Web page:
Perryman Elected to Another Term on National Association for Play Therapy Board
Kristi Perryman (second from right) and the members of the National Association for Play Therapy Board.
After serving for three years on the National Association for Play Therapy Board, Kristi Perryman was recently elected for another term.
"I am truly honored to serve APT members on the board of directors and to have the opportunity to advocate at this level for play therapy," she said.
The 10-person board serves as a bridge between the administrative side and the Association for Play Therapy members, meeting in person twice a year and virtually as needed.
Perryman, an associate professor of counselor education and supervision, is the director and founder of the Office of Play Therapy Research and Training in the College of Education and Health Professions.
The office became a nationally approved play therapy center in 2015 and allows students to gain hands-on experience, offering various workshops, continuing education units and a playroom for students to gain familiarity with the practice. Still, the field is relatively unknown to many across Arkansas.
"Most counselors in our state were trained to work with adults and not specifically trained to understand the neurological, physical and emotional development and mental health needs of children and adolescents," she said. "This is, however, the highest population receiving services in our state. Arkansas has the highest incidence of ACEs (adverse childhood experiences) in the country."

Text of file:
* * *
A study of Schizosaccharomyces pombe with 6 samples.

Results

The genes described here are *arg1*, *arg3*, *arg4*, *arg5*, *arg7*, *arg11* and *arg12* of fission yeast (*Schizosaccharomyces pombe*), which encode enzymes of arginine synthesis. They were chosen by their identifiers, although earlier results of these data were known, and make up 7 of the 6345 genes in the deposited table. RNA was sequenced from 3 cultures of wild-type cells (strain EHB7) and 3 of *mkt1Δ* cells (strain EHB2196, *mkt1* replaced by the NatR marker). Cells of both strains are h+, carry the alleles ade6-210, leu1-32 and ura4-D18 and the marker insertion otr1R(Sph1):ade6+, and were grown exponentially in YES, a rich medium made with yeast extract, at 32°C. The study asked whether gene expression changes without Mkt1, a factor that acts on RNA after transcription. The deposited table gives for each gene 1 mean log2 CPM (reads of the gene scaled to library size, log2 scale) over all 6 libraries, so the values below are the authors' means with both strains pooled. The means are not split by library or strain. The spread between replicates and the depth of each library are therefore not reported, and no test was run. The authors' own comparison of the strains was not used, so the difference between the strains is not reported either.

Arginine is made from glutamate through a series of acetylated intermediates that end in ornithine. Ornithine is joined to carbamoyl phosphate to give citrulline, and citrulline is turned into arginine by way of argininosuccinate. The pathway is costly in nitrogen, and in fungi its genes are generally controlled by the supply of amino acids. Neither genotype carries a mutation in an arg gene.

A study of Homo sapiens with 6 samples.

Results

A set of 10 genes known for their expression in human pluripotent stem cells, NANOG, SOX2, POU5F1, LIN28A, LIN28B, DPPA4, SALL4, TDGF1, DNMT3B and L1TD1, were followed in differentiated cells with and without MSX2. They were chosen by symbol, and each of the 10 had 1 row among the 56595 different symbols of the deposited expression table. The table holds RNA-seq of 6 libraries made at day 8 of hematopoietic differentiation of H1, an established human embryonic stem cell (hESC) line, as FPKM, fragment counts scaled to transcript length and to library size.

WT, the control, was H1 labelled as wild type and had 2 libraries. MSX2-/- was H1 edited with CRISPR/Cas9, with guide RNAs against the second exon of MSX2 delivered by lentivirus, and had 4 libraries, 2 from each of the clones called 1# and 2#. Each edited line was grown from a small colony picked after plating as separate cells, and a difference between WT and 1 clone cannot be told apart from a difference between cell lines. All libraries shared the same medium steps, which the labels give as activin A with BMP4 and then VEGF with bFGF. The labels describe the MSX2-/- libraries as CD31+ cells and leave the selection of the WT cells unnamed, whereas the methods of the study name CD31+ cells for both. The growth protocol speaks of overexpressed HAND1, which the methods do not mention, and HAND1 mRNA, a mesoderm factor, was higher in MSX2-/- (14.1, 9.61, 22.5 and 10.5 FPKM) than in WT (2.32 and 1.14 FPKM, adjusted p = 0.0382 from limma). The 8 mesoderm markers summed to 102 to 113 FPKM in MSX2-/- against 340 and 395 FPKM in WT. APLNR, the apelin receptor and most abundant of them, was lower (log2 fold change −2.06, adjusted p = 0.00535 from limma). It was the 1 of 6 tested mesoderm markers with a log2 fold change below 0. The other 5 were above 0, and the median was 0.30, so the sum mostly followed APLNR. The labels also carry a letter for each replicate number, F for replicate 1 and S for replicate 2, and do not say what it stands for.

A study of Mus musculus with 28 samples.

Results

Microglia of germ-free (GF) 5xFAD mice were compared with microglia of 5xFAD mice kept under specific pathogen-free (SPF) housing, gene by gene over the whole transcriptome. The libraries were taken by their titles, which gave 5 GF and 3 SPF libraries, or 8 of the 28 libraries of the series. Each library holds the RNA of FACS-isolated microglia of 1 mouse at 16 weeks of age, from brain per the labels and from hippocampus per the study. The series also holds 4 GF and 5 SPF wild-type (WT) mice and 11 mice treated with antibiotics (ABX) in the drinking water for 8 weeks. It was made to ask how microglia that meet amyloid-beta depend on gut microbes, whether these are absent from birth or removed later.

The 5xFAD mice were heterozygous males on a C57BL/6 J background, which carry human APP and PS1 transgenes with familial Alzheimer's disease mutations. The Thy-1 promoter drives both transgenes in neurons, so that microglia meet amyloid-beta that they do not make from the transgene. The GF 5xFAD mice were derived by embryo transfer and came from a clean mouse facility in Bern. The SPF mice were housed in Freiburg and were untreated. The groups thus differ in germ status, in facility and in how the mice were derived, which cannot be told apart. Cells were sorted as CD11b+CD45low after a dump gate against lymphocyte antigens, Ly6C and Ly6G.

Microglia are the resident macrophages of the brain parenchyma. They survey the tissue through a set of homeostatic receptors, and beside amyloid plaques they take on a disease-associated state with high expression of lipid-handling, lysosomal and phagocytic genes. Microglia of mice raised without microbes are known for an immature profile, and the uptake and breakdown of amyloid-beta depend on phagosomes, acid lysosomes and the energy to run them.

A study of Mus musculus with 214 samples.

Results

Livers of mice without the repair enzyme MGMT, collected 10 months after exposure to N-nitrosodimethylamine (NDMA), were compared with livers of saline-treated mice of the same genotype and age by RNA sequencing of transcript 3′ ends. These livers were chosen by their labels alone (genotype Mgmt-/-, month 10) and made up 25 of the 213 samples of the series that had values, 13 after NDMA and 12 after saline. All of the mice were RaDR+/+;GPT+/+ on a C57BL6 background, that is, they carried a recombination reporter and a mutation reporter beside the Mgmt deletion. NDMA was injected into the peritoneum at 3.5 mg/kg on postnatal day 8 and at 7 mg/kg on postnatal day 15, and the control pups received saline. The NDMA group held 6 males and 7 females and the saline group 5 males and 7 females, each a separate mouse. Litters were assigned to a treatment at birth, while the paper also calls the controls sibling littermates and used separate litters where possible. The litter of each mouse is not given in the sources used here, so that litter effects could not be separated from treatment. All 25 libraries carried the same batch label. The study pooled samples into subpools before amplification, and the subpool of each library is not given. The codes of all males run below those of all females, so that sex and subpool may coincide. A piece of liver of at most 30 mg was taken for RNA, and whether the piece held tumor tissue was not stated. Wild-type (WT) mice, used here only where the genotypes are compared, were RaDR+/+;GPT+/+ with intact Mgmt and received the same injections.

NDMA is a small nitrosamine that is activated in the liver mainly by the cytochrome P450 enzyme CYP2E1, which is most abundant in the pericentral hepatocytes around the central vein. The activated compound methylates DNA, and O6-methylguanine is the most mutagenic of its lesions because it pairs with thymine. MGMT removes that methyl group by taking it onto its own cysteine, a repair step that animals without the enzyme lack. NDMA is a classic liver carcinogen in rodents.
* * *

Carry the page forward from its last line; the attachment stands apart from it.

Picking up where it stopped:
An ACE score is a tally of 10 potentially traumatic events that occur before a child reaches 18.
Perryman emphasized the importance of play therapy for children. It's not simply play, she said.
"Because children's cognitive development supersedes their verbal development, play is their natural language, and toys are their words," she said. "The play therapist is trained to understand and facilitate this language of play to help children process their experiences and emotions. Adults are able to process verbally, but children require someone who understands their language of play and play themes to help parents, teachers and other adults in their lives know how to better understand and help them."
Perryman teaches future counselors at the U of A and said it's rewarding to watch students light up when they find their passion for working with children, as she did about 15 years ago.
She said kids have a way of healing that's inspiring.
"I have primarily worked with children who have experienced trauma or who were in high-conflict situations, and they have taught me a great deal about processing painful experiences, resilience and healing," Perryman said. "They naturally gravitate toward healing if they have an adult who creates a safe space and the trusting relationship to do so."